Front Page Titles (by Subject) OPINION ON COMMUNICATIONS TO CONGRESS - The Works, vol. 6 (Correspondence 1789-1792)
The Works of Thomas Jefferson, Federal Edition (New York and London, G.P. Putnam’s Sons, 1904-5). Vol. 6.
[April 1, 1790.]
Th: Jefferson has the honor to inform the President that Mr. Madison has just delivered to him the result of his reflections on the question How shall communications from the several states to Congress through the channel of the President be made?
‘He thinks that in no case would it be proper to go by way of letter from the Secretary of State: that they should be delivered to the Houses either by the Secretary of State in person or by Mr. Lear. He supposes a useful division of the office might be made between these two, by employing the one where a matter of fact alone is to be communicated, or a paper delivered in the ordinary course of things and where nothing is required by the President; and using the Agency of the other where the President chuses to recommend any measure to the legislature and to attract their attention to it.’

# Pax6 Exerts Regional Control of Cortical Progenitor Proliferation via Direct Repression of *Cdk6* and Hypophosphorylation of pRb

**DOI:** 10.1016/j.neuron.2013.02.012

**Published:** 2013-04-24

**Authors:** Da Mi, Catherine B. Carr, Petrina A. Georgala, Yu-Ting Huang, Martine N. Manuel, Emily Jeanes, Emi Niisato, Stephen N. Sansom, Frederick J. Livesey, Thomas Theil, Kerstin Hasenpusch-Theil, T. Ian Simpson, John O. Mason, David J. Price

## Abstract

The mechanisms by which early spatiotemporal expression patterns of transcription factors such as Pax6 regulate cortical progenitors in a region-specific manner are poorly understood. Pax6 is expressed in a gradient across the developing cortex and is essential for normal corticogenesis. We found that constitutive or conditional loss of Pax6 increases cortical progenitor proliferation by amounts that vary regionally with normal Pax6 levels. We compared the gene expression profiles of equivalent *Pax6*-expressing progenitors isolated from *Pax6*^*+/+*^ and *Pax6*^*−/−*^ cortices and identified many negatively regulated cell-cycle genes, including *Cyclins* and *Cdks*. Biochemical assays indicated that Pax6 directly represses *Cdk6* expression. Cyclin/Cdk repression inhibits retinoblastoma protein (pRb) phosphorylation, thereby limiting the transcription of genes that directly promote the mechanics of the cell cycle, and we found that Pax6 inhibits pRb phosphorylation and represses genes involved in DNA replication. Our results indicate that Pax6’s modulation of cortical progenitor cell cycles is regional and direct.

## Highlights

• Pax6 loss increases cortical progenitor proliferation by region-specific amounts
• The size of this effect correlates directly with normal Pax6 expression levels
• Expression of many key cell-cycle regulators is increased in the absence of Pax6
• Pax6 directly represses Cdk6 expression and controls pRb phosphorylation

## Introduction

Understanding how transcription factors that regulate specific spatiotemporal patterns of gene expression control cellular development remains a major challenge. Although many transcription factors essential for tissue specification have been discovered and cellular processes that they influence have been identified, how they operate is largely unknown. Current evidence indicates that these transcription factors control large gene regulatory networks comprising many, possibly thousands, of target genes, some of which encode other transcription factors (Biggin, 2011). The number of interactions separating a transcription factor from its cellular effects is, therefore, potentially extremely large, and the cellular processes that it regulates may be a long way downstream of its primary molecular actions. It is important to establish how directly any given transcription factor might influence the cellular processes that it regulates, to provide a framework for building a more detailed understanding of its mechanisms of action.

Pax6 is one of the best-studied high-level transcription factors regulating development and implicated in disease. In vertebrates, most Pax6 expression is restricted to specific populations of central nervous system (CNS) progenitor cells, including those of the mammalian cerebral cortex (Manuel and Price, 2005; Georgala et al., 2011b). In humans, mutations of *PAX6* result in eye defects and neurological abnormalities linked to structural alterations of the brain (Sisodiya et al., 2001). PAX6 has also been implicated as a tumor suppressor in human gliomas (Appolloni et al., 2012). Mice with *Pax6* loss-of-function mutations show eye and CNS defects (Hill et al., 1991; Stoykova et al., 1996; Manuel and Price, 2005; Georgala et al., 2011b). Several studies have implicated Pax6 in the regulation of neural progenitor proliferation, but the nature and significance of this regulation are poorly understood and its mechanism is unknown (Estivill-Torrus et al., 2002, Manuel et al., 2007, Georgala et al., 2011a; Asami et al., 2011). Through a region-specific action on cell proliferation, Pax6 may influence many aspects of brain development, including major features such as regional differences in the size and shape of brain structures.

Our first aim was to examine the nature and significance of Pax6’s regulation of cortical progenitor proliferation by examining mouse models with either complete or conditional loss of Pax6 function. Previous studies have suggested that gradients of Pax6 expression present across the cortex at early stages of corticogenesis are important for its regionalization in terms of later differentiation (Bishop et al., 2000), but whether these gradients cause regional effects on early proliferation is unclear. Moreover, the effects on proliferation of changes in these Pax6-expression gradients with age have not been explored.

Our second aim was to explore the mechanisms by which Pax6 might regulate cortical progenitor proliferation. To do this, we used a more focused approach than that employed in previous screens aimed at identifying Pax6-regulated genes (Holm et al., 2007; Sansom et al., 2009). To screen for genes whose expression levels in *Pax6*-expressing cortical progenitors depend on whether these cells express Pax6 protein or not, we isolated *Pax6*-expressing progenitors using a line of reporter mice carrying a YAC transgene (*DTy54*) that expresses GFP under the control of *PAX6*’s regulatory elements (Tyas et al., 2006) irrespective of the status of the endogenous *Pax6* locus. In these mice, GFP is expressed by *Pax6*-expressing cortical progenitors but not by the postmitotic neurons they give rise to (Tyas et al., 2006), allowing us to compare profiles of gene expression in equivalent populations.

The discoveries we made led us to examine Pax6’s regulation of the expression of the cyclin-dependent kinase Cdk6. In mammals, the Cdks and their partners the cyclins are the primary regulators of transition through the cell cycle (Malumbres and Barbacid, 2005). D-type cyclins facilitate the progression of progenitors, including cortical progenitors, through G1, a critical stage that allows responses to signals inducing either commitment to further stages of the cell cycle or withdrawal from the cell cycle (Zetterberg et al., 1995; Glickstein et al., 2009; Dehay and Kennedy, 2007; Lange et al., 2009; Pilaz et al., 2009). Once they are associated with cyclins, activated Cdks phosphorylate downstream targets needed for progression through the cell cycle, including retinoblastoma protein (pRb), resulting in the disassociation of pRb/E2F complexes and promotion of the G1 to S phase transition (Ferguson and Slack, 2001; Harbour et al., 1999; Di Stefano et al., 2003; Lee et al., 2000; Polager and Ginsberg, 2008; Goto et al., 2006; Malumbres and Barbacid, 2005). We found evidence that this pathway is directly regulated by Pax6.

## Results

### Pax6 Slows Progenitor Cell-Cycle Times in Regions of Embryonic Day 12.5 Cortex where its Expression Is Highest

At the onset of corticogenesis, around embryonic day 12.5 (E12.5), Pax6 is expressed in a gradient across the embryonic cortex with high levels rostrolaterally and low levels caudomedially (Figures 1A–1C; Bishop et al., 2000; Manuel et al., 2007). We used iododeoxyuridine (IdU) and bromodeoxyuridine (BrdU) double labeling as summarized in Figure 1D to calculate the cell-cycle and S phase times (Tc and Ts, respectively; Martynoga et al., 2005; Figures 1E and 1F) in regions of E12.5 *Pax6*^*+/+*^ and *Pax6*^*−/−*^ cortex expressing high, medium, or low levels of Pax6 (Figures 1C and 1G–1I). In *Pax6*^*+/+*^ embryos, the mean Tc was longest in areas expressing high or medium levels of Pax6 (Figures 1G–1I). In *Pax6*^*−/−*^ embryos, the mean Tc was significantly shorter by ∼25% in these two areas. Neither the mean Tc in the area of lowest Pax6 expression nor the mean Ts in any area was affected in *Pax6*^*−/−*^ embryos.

The President will be pleased to order in this what he thinks best. T. Jefferson supposes that whatever may be done for the present, the final arrangement of business should be considered as open to alteration hereafter. The government is yet so young that cases enough have not occurred to enable a division of them into classes, and the distribution of these classes to the persons whose agency would be the properest.
He sends some letters for the President’s perusal praying him to alter freely any thing in them which he thinks may need it.